On 1 December 2022, the Administrative Court of Braunschweig ruled in a case (278/22). It concerned an Iranian family, whose asylum application was to be transferred to Italy under the Dublin III Regulation. However, the family appealed this transfer decision on grounds that the transfer to Italy could not be carried out considering the systemic deficiencies in the country, particularly in the reception conditions, and asked for the suspension of the measure.
The German Administrative Court found that the conditions to transfer an asylum applicant to the responsible state were not met in this case since there are substantial reasons to assume that the asylum procedure and the reception conditions for asylum applicants in Italy have systemic deficiencies that would pose a risk of inhuman or degrading treatment within the meaning of Article 4 of the EU Charter of Fundamental Rights (Charter) and Article 3 of the European Convention on Human Rights (ECHR). It was considered that in Italy the applicants would be homeless both during the time between their return and the formal application for asylum and after the conclusion of their asylum procedure, even if they are granted international protection. The ruling also acknowledged that the Italian housing system is not adapted to the needs of beneficiaries of international protection and the special protection owed to children. The Court found that the reception conditions for minor children, even if accompanied, have to be adapted to their age and vulnerability.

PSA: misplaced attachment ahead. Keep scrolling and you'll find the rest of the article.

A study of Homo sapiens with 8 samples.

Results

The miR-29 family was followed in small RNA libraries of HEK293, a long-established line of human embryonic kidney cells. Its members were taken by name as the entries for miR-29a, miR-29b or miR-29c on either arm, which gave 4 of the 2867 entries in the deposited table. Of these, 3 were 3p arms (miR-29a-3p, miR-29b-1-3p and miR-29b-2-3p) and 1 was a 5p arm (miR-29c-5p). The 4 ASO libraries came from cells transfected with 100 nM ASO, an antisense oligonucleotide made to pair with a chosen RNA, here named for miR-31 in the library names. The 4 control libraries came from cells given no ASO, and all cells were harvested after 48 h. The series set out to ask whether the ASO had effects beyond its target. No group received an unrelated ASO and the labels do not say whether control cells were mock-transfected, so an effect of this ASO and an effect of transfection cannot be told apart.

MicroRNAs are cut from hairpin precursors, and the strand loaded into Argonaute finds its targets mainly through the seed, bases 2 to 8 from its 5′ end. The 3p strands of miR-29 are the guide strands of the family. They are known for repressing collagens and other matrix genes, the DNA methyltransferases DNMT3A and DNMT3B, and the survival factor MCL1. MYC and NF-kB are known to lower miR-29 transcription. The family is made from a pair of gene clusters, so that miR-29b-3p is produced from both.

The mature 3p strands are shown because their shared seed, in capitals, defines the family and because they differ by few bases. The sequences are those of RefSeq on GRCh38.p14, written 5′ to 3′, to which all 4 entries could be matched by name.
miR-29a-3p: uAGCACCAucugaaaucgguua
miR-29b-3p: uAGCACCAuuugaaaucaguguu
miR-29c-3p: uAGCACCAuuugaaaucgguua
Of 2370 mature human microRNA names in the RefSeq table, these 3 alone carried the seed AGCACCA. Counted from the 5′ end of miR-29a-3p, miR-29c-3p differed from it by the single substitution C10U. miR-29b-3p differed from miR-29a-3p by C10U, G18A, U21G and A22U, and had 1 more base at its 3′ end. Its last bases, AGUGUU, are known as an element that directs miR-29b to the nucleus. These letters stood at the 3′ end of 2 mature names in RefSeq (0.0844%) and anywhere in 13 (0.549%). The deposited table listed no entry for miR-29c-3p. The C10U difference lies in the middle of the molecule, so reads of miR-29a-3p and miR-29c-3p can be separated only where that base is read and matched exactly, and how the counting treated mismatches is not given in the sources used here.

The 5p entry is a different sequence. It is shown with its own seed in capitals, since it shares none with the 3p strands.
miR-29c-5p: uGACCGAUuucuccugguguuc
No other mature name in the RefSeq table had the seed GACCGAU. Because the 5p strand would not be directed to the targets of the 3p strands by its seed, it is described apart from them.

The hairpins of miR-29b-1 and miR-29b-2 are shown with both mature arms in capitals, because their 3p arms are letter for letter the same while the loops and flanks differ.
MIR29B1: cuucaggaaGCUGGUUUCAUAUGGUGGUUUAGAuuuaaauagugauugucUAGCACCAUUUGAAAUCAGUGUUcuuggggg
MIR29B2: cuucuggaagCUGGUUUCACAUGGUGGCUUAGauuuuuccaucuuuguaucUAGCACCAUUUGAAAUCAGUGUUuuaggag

As many asylum applicants and beneficiaries of protection are homeless or live in informal settlements due to a lack of capacity of the official reception system, the applicant family would face a high risk of homelessness which, as highlighted by the court, constitutes inhuman and degrading treatment even if temporary. Following these considerations, the Court concluded that the single mother and her minor sons would not be guaranteed the most basic services in the event of a Dublin transfer to Italy. Consequently, the applicants face a considerable risk of homelessness and thus a violation of Article 4 of the Charter and Article 3 of ECHR. Finally, the Court indicated that assurances by the Italian authorities that a child- and family-friendly accommodation would be guaranteed in the event of a transfer and adequate medical assistance could eliminate these risks.
Based on an unofficial translation from within the EWLU team.